Carbon Pollution’s Harm To Sea Life Coming Faster Than Expected

CREDIT: AP/Ted S. Warren

Pacific oysters are being harvested in this AP file photo. Experts warn rising CO2 levels in the ocean pose a major danger to shell fish and other sea life.

The oceans are now acidifying faster than they have been over the last 300 million years, a time period in which there were four major extinctions driven by natural bursts of carbon. In fact, humans are acidifying the oceans 10 times faster today than 55 million years ago when a mass extinction of marine species occurred.

Recent research finds that the threat to marine life posed by human-caused carbon pollution is coming faster than expected. And that’s a problem because as 70 Academies of Science warned in a 2009 joint statement on acidification: “Marine food supplies are likely to be reduced with significant implications for food production and security in regions dependent on fish protein, and human health and wellbeing.”


As the ocean absorbs more carbon dioxide, more and more places are becoming undersaturated with these minerals, thereby threatening calcifying organisms. Besides a decline in calcification, the World Meteorological Organization explained in 2014, “Other impacts of acidification on marine biota include reduced survival, development and growth rates, as well as changes in physiological functions and reduced biodiversity.”

A 2015 study in Science concluded that the Permo-Triassic extinction 252 million years ago — considered the “the greatest extinction of all time” — happened during the time when massive amounts carbon dioxide were injected into the atmosphere, first slowly and then quickly (driven by volcanic eruptions). The researchers found “During the second extinction pulse, however, a rapid and large injection of carbon caused an abrupt acidification event that drove the preferential loss of heavily calcified marine biota.” How bad was this extinction? Besides killing over 90 percent of marine life, it wiped out some 70 percent of land-based animal and plant life.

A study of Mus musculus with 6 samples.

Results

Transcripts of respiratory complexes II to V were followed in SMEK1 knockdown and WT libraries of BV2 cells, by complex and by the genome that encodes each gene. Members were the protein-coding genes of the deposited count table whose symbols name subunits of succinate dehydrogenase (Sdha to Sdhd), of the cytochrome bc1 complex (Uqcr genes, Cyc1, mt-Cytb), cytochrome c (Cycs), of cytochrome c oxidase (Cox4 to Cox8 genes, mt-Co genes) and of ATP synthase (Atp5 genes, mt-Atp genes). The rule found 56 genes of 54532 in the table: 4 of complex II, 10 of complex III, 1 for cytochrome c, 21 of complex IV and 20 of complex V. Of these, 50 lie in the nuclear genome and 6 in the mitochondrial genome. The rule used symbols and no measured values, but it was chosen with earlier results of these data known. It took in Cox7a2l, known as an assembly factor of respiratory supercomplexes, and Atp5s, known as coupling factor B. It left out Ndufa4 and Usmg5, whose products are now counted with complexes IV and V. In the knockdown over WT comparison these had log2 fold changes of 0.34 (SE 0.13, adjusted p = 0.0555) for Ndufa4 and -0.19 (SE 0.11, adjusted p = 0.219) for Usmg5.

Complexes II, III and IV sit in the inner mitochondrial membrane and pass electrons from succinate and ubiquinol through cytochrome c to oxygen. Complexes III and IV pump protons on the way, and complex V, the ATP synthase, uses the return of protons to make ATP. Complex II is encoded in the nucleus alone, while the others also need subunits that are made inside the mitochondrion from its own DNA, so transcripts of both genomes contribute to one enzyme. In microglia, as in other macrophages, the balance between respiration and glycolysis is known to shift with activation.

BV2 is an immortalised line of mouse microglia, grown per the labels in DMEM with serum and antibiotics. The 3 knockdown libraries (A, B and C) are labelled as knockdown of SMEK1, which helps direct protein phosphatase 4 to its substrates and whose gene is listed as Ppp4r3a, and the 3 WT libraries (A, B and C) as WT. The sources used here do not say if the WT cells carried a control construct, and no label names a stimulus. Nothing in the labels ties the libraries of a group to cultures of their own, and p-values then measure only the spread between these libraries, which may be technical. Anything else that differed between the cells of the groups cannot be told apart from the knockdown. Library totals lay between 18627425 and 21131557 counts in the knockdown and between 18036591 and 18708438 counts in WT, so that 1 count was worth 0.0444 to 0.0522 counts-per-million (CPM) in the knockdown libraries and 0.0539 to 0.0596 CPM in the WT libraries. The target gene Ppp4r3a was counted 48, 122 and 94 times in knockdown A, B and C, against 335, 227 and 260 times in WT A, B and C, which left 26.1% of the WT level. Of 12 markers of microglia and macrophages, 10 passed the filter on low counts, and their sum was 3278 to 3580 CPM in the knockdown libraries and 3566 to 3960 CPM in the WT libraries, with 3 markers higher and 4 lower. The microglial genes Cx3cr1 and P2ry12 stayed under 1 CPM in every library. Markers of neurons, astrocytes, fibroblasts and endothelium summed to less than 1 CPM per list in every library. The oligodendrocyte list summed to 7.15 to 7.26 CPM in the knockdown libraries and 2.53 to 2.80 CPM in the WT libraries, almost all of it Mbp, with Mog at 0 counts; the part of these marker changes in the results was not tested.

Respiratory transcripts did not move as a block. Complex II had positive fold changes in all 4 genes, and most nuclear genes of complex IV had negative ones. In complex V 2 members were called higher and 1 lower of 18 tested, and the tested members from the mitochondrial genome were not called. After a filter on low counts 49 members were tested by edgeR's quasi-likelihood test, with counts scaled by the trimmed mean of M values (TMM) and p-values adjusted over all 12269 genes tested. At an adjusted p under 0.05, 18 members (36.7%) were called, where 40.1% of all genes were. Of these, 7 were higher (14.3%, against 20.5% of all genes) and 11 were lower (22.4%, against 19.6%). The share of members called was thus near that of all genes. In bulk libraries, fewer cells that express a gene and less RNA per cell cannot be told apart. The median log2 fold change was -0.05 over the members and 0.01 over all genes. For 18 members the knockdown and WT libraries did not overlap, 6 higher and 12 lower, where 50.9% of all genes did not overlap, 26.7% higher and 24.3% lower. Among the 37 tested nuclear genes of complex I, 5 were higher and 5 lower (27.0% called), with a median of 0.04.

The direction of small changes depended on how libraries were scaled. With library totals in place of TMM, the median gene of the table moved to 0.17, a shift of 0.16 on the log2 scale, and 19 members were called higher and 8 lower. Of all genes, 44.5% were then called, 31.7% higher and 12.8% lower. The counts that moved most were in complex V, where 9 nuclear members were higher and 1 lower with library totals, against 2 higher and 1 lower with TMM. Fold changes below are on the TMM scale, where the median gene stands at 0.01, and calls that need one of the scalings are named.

Today, coral reefs alone are estimated to support a quarter of all marine life. NOAA explains that “The fish that grow and live on coral reefs are a significant food source for half a billion people worldwide.” The combination of warming waters and acidification have already caused serious harm to major coral reef around the world, and many appear unlikely to survive the century. Oceanographer and coral expert J.E.N. Veron, former chief scientist of the Australian Institute of Marine Science, has written, “The science is clear: Unless we change the way we live, the Earth’s coral reefs will be utterly destroyed within our children’s lifetimes.”

Ocean acidification and carbon pollution have already proven to be major threats to the U.S. oyster industry, as was clear from the “The Great Oyster Crash” of 2007 in coastal Oregon and Washington. There were “near total failures of developing oysters in both aquaculture facilities and natural ecosystems on the West Coast,” as NOAA put it, with oyster larvae dying by the millions. Why? Originally it was thought that rapidly acidifying coastal waters made it difficult for larvae to build the shells needed for survival.

But a December 2014 study of Pacific oyster and Mediterranean mussel larvae in Nature Climate Change determined that “the earliest larval stages are directly sensitive to saturation state, not carbon dioxide (CO2) or pH” (acidity). So what matters most is how much calcium carbonate is in the ocean water relative to the total amount it could hold.

This finding has dramatic consequences for the speed at which rising carbon dioxide levels will harm ocean life. Lead author George Waldbusser, an Oregon State University marine ecologist and biogeochemist explains why:

Larval oysters and mussels are so sensitive to the saturation state (which is lowered by increasing CO2) that the threshold for danger will be crossed “decades to centuries” ahead of when CO2 increases (and pH decreases) alone would pose a threat to these bivalve larvae. “At the current rate of change, there is not much more room for the waters off the Oregon coast to absorb more CO2 without crossing the threshold we have identified with respect to saturation state,” he said.

That means some of the worst impacts of rising carbon dioxide levels in the ocean may come sooner than expected.